You are here
Reports on one of the most infamous case of a 68-year old woman who was killed by her partner, which gave rise to widespread protests against femicide in Uruguay. Uruguay’s penal code introduced femicide only in April 2018.
Arrarte is the most famous of the Uruguayan soldiers who refused to torture, and served a total of 10 years in prison for his conscience. After the dictatorship, he went on to become a general and an active member of Amnesty International.
Documents impact of state terror on society in Argentina, Brazil, Chile and Uruguay from 1950s to 1980s, and the emergence of resistance in various sectors.
In addition to detailed analysis of Argentine, Brazil, Chile, and Uruguay, has comparative discussion with European dictatorships – Greece, Portugal, and Spain.
Analysis of evolution of opposition from 1983: from saucepan banging, one-day general strikes and 250,000 strong rally on the last Sunday of November 1983 (the traditional day for elections); the electoral politics of 1984 and public sector strike of January-February 1985.
Includes references to role of ‘truly peaceful resistance’ in 1983.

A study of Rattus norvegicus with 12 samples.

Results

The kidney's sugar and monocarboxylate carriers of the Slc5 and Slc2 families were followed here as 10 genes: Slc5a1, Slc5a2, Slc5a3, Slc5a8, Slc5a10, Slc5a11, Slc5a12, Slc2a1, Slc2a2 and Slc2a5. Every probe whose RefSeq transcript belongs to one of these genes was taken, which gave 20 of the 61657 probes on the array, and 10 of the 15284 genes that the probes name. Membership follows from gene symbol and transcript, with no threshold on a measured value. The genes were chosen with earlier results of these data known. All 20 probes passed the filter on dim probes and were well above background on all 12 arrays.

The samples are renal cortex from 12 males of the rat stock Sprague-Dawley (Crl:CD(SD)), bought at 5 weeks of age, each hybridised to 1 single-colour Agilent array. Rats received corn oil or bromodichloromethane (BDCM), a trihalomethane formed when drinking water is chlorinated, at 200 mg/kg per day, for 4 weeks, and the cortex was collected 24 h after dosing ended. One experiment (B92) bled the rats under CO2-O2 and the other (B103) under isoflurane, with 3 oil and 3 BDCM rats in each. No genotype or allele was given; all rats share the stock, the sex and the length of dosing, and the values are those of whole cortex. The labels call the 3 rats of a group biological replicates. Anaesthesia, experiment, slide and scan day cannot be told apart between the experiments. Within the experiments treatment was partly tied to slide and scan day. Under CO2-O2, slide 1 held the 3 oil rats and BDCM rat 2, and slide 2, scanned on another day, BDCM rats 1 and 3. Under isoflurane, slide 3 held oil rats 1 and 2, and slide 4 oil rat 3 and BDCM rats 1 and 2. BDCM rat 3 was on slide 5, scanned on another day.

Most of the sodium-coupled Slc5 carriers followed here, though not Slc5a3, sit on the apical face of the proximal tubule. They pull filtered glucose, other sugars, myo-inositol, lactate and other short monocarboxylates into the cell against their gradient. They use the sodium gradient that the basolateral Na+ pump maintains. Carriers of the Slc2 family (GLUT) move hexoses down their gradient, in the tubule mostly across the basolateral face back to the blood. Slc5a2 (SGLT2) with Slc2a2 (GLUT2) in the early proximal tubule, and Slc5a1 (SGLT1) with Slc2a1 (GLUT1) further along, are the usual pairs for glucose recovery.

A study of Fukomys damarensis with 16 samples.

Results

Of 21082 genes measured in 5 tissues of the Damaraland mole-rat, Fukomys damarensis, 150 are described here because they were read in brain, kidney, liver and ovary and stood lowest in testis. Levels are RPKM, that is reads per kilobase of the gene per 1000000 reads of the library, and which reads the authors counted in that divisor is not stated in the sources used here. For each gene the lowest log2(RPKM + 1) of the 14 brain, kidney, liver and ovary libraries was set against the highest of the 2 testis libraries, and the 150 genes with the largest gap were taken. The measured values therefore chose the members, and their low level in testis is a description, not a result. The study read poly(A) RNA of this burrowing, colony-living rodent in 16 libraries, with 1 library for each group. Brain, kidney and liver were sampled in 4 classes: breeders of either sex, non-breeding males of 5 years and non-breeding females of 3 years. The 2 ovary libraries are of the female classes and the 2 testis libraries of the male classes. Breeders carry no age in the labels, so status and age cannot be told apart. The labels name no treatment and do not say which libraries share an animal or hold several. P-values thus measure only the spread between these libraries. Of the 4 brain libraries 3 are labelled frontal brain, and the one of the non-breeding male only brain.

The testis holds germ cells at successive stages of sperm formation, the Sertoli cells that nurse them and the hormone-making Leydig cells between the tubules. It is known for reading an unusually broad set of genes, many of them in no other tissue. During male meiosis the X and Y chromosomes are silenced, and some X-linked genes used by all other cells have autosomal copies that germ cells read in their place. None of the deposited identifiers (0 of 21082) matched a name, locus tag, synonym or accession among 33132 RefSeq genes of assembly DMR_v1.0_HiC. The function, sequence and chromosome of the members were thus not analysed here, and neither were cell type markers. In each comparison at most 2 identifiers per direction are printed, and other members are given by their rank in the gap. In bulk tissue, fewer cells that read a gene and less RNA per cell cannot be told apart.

Sanguinetti, a lawyer and journalist, was President from 1985-1990 and played a central role in the negotiations at various times between 1980 and 1984 and notes the importance of dialogue, although this is a more broad ranging analysis of forms of transition.
A Guide to Civil Resistance
The online version of Vol. 1 of the bibliography was made possible due to the generous support of the International Center on Nonviolent Conflict (ICNC). ICNC is an independent, non-profit educational foundation that develops and encourages the study and use of civilian-based, nonmilitary strategies aimed at establishing and defending human rights, democratic self-rule and justice worldwide.
For more information about ICNC, please see their website.
The online version of Vol. 2 of the bibliography was made possible due to the generous support of The Network for Social Change. The Network for Social Change is a group of individuals providing funding for progressive social change, particularly in the areas of justice, peace and the environment.
For more information about The Network for Social Change, please visit their website.